Arctic adventure in store for English release of Franklin comic
Graphic-novel trilogy now available
When artist Kristina Gehrmann first read about Sir John Franklin’s ill-fated journey to the Arctic, she knew she had found her inspiration.
Three years later in 2015, her self-described obsession with diving into the lore of the Franklin expedition was complete: a graphic-novel trilogy released in her home country of Germany.
The first instalment went on to win a German Children’s Literature Award the following year.
Now, English readers can see that work for free, online, through weekly instalments of sections from the award-winning comic.
Originally titled “Im Eisland,” in Germany, “Icebound: Franklin’s Lost Expedition,” premiered online this January, and is by Gehrmann’s own description about half-fact and half-fiction—but that’s what’s fun about it.
That we know so little about the final days of the expedition’s 129-man crew—which departed for the Arctic from England in 1845 aboard HMS Terror and HMS Erebus—is any historically minded storyteller’s dream.
“The whole thing is like a 1,000-piece puzzle of which only 100 parts were found,” Gehrmann explained. “That’s what makes it so fascinating!”
The unknown swaths of the nineteenth century’s most captivating mystery gave Gehrmann a chance to interpret the story in her own way, and inject a little Shakespearean tragedy into an expedition considered at the time to be the most well-prepared Arctic expedition ever launched.
Take one of Gehrmann’s early comic panels, when Franklin scoffs at a Union Jack flag laid over him by his wife as he slept on a couch.
“Don’t you know that the Union Jack is laid only over the dead?” he asks Lady Jane Franklin.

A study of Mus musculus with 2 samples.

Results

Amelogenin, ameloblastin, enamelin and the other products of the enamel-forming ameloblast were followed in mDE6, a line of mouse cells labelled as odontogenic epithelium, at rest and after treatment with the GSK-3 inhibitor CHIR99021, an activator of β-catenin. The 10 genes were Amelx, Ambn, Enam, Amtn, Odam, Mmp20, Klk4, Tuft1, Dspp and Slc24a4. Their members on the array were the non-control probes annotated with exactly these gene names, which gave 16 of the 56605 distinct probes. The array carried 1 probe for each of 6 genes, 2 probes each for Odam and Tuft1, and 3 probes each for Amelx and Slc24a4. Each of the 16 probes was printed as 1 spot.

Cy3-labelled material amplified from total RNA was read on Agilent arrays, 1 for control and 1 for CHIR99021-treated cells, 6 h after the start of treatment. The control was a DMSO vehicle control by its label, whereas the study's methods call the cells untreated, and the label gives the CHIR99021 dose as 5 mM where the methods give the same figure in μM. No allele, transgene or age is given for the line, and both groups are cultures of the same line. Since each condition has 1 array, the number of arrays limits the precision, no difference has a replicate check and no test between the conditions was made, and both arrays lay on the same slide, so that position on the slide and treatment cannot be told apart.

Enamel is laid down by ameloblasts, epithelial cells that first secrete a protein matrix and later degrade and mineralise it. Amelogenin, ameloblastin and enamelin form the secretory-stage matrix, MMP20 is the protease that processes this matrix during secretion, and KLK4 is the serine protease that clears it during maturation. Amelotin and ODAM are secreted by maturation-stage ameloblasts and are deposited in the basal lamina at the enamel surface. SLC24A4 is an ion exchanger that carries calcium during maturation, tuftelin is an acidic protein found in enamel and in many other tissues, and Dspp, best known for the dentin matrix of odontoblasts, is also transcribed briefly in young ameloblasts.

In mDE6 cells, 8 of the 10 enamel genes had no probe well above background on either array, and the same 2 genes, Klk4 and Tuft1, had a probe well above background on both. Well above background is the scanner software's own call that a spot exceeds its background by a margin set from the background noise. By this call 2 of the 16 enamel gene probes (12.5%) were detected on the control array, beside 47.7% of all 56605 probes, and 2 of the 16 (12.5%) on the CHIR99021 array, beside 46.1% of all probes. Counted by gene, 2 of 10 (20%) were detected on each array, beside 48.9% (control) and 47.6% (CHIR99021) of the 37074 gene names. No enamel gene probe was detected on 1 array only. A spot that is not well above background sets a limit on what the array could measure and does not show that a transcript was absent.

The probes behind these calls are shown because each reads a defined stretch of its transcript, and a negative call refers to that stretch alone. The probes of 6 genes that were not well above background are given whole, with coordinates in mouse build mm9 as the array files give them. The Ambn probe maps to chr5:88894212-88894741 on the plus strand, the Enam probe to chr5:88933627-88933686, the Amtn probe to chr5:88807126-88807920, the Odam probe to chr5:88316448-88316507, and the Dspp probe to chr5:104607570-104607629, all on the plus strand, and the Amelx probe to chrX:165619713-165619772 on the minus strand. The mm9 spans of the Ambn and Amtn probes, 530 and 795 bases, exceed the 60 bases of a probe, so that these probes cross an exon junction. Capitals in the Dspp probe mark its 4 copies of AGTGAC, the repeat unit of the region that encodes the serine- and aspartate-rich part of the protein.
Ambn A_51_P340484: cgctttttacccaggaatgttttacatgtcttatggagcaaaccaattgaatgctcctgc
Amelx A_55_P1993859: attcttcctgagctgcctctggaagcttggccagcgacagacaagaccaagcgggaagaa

Or coal stoker John Torrington, who tells his sweetheart that the extra pay offered for the Arctic voyage will allow him to marry her when he returns home.
Torrington was one of three early casualties in the expedition during its first winter on Beechey Island in the High Arctic in 1845, who scientists determined died of tuberculosis when they exhumed the bodies in the 1980s.
Gehrmann said the best-selling 1991 book by David C. Woodman, “Unravelling the Franklin Mystery: Inuit Testimony,” served as her guide for historical fact.
The popularity of Woodman’s book helped change the way modern historians viewed the role of Inuit in the Franklin saga.
Inuit oral histories were collected and documented by explorers like Charles Francis Hall in the 1860s, but they remained largely ignored by many scholars prior to the publication of Woodman’s book.
Inuit testimony pointing to the resting place of one of Franklin’s ships was ultimately proven accurate, when Parks Canada divers found HMS Erebus in the Queen Maud Gulf in 2014, near a place Inuit called Utjulik.
Gehrmann said her “manga” design for the 700-page project—a Japanese graphic style—was challenging at first, since she had no formal training in laying out a comic.
But hard work over the first few months of the project, learning new styles and computer design programs, gave Gehrmann a new commitment to her art as she heads into new projects.
But for now, she said she’s excited for English-speaking readers—closer to the real-life event—to see her work for the first time.
You can follow along with the weekly instalments of Icebound, for free, here.